The market for initial public offerings (IPOs) of stock in the U.S. has been hotter than a firecracker in 2018. In the first half of the year, 120 companies have gone public in the U.S., raising $35.2 billion in the process, according to data from Dealogic cited by The Wall Street Journal. This is the largest volume of deals since 2014 and the fourth-busiest year-to-date period since 1995, per both sources. IPOs brought to market so far in 2018 have produced an average gain of 22% for investors, per the Journal.

More to come and not a bubble

While 2018 is on pace to be one of the best years ever for IPOs in the U.S., some investment bankers and lawyers believe that 2019 may be an even bigger year, the Journal indicates. In the second half of 2018, the biggest offerings are likely to come from Chinese companies, but most of these are expected to list their shares in Hong Kong. One notable exception is Tencent Music Entertainment Group, the biggest music streaming company in China, which is likely to be one of the largest IPOs in the U.S. this year, per the Journal.


Another positive development among tech IPOs, in contrast to previous eras such as 1999, is that these companies seem to be at a more mature stage of development. “There is an evolution across tech companies as they have greater scale and growth visibility,” Michael Millman, the global head of technology banking at JPMorgan, told the Financial Times. Indeed, as both the FT and Barron’s note, a number of tech companies that have reached unicorn status, with valuations of at least $1 billion, are still holding off on going public.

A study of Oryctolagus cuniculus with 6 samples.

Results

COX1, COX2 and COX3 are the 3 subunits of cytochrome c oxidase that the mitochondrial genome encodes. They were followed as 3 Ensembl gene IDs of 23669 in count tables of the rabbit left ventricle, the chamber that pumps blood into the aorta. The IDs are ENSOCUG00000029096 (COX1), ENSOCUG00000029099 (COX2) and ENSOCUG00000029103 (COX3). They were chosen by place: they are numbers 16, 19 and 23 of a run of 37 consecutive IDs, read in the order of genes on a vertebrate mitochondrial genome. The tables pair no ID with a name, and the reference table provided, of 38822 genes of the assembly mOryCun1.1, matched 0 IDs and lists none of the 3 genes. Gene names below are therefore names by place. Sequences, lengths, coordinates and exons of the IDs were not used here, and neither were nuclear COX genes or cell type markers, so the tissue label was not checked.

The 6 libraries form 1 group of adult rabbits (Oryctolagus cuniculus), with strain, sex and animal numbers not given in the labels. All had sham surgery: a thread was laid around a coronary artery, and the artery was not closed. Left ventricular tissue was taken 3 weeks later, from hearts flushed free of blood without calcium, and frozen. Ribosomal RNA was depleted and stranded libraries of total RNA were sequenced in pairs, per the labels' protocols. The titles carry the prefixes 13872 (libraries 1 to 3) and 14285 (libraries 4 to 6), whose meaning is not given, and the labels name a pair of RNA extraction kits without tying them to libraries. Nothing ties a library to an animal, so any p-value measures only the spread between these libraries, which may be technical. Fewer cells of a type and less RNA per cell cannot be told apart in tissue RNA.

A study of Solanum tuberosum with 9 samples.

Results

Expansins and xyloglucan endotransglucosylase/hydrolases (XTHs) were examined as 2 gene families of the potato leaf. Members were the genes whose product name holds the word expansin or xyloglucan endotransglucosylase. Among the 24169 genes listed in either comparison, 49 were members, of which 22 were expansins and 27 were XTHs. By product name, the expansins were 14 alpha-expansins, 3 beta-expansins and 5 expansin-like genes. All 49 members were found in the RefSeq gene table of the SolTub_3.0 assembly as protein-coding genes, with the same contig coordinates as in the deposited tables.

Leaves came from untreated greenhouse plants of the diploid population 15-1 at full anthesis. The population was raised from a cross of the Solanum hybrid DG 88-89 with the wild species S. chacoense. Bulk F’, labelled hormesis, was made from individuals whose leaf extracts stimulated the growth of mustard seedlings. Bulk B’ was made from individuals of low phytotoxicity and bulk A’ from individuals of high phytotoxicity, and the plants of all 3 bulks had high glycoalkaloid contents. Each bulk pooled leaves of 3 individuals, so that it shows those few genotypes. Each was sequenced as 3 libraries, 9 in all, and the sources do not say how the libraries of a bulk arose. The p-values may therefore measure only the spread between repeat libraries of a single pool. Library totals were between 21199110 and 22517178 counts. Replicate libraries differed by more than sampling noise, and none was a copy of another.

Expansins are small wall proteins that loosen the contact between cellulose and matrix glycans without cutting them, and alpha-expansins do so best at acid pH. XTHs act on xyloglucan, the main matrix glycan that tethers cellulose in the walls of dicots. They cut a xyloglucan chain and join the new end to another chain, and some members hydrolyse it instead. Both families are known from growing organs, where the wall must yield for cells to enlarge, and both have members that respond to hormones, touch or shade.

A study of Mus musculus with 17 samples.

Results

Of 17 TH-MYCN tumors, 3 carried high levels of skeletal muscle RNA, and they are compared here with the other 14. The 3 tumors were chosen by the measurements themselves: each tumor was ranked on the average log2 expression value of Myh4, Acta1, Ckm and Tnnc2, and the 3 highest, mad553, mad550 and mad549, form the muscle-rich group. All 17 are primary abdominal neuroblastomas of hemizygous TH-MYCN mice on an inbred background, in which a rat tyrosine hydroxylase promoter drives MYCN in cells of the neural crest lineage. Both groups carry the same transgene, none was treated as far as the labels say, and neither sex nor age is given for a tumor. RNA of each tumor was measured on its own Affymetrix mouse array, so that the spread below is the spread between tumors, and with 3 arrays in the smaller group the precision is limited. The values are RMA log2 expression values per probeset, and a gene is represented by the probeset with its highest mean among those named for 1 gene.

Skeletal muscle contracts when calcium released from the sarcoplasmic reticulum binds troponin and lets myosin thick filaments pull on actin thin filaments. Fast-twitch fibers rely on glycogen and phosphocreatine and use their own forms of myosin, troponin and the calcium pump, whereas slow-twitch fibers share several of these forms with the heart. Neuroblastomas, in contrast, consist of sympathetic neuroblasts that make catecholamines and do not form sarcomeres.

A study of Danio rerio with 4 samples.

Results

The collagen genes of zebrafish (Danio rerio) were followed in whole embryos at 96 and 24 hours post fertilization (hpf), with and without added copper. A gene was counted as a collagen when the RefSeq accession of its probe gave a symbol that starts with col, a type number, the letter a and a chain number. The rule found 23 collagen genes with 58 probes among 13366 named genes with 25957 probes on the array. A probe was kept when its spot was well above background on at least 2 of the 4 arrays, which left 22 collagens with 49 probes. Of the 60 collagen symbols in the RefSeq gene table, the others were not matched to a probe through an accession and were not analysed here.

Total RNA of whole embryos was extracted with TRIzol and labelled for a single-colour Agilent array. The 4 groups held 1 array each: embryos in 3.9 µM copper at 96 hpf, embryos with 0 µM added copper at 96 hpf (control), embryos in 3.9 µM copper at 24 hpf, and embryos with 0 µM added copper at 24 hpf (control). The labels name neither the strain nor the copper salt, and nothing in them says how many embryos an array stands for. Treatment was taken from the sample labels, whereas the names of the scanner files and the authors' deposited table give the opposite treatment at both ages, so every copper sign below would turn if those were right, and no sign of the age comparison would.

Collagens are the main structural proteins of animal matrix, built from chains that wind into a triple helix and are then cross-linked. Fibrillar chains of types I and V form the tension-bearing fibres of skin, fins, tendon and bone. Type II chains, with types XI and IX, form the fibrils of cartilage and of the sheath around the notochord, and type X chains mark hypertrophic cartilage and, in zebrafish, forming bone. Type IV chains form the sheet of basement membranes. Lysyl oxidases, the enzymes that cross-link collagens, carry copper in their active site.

Nearly a ‘Sure Thing’

There’s no such thing as a “sure thing” in investing, but MarketWatch indicates that laser manufacturer nLight may be pretty close to one. The company is already profitable, and revenues are projected to increase by 25% from 2018 to 2019. The company should benefit, MarketWatch says, from two Trump administration initiatives, a defence buildup and a protectionist stance on trade. Its lasers are used in military applications, as well as in semiconductor manufacturing, and it competes against growing laser production in Asia.

Attacking Hackers

Cloud computing and cybersecurity applications related to it are rapidly-growing markets. Zscaler is a cloud-based software as a service (SaaS) company dedicated to “securely connecting users to their applications, regardless of device, location, or network,” per its website. MarketWatch says that “now is still a great time to get in on the ground floor” of this company that is projecting revenues to grow by 30% from 2018 to 2019, while possibly reaching breakeven within the next two years.


Big box discount retailer BJ’s Wholesale Club Holdings Inc. (BJ) went public at $17 per share last week, per Reuters, and gained 39% to the open on July 2. Nonetheless, another MarketWatch story identifies BJ’s as a stock that investors should avoid. Among the reasons that they offer are:

  1. Private equity firms retain a 69% ownership stake and thus can outvote public shareholders.
  2. The company became more indebted after being taken private in a 2011 leveraged buyout (LBO), and public shareholders are unlikely to receive cash dividends under the loan covenants.
  3. BJ’s looks to be just average among supermarkets in terms of profitability and valuation metrics, such as return on invested capital (ROIC).
  4. Lastly, MarketWatch warns that the high leverage in BJ’s capital structure adds risk. They note that “small changes in growth projections can have a major impact on valuation.”